U.S. Professor Learns His Fate As Operative For China

(FiveNation.com)- A University of Kansas researcher was convicted last week of illegally concealing work he did for the Communist Chinese while employed at the university.

Jurors found Feng “Franklin” Tao guilty of three counts of wire fraud and one count of false statements for not disclosing that he was named to the Chinese talent program The Changjiang Professorship on conflict of interests forms for grant applications.

Tao was found not guilty on four related counts.

As part of the Changjiang Professorship, Tao traveled to China to establish a laboratory at Fuzhou University and recruit staff. However, Tao lied to the University of Kansas, saying he was in Germany, not China.

The prosecution described Tao’s actions as “an elaborate lie” to defraud the University of Kansas, the Department of Energy, and the National Science Foundation.

However, the defense argued that Tao never formally accepted the job offer at Fuzhou University, was never paid for the work he did there, and did not violate the disclosure rules that were in place at the time.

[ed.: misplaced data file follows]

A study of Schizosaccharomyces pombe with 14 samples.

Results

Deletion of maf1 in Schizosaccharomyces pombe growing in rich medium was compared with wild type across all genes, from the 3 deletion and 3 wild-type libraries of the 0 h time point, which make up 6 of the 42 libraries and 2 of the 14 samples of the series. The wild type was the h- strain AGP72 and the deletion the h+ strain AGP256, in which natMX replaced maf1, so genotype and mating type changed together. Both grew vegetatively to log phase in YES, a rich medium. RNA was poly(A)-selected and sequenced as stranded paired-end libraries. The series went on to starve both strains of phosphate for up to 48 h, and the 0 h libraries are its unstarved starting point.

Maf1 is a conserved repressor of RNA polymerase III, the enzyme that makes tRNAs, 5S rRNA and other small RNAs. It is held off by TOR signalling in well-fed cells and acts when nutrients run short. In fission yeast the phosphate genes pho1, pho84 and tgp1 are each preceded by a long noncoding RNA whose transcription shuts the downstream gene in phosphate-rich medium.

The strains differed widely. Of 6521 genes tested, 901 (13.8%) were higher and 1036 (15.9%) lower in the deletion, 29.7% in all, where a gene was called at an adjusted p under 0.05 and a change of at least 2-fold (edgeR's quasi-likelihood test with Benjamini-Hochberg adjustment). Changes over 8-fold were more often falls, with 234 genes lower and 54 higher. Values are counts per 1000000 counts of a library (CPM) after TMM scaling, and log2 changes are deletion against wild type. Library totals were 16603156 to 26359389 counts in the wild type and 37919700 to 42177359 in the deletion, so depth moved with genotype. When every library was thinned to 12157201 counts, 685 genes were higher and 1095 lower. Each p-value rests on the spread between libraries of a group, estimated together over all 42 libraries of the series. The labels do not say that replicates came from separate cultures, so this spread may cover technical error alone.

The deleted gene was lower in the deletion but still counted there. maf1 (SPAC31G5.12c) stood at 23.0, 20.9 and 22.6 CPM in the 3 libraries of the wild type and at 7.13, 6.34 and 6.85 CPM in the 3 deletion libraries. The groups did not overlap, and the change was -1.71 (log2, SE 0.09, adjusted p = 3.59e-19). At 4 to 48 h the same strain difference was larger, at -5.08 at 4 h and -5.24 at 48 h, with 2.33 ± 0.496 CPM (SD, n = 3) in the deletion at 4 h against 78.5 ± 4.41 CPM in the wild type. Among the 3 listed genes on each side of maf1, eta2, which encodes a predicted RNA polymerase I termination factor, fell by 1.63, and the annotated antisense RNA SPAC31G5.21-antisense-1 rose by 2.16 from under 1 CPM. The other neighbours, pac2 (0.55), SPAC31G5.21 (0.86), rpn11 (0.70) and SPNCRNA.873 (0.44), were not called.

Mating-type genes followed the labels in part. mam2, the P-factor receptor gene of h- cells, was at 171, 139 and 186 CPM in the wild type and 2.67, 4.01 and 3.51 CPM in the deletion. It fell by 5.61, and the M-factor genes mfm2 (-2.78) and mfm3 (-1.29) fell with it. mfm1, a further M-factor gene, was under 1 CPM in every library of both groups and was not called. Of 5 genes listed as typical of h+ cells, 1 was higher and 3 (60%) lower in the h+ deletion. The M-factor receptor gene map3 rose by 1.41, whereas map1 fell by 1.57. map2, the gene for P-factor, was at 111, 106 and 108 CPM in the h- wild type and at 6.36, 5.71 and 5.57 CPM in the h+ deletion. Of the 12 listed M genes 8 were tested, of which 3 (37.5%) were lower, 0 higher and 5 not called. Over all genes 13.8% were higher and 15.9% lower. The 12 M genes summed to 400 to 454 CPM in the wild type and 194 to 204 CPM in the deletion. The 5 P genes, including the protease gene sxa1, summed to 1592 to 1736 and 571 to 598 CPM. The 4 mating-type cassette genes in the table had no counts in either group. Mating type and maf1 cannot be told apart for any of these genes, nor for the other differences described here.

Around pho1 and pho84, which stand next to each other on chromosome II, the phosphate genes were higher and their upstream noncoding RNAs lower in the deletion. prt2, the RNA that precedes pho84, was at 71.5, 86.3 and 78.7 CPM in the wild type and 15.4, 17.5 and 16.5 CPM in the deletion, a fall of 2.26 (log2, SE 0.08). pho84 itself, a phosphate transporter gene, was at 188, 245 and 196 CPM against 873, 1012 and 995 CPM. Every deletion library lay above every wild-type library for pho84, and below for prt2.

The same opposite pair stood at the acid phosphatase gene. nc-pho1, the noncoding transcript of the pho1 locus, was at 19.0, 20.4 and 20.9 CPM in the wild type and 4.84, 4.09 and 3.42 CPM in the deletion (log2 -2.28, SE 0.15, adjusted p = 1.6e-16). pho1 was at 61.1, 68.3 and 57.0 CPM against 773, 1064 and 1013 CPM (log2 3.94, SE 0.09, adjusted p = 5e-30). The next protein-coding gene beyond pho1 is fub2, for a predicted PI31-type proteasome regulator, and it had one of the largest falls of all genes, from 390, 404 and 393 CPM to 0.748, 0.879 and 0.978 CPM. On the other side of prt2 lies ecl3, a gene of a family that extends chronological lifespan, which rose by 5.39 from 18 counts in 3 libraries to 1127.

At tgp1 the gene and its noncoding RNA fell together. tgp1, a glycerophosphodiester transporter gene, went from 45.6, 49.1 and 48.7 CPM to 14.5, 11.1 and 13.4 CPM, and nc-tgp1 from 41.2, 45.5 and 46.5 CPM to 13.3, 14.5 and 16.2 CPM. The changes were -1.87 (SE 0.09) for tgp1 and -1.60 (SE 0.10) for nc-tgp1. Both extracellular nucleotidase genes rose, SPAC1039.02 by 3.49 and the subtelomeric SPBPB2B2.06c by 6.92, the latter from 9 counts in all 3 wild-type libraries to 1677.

Tao was arrested in 2019 as part of the Justice Department’s now-defunct “China Initiative” which was established in 2018 to crack down on China’s theft of trade secrets and economic espionage. The program was discontinued by the Biden Justice Department in February of this year.

After his arrest, Tao was suspended from his position at the university and barred from entering campus.

Tao, who moved to the United States from China in 2002, began working as a chemical and petroleum engineer at the University of Kansas’ Center for Environmentally-Beneficial Catalysis in 2014. The center conducts research on sustainable technology for the conservation of natural resources and energy.

Tao now faces up to twenty years in federal prison and a $250,000 fine for the wire fraud count, and up to ten years and another $250,000 on each of the program fraud counts.

After the mixed verdict, US District Judge Julie Robinson declined to schedule a sentencing date, instead asking the prosecution and defense to submit a series of briefs while she reviews the defense’s motion to dismiss.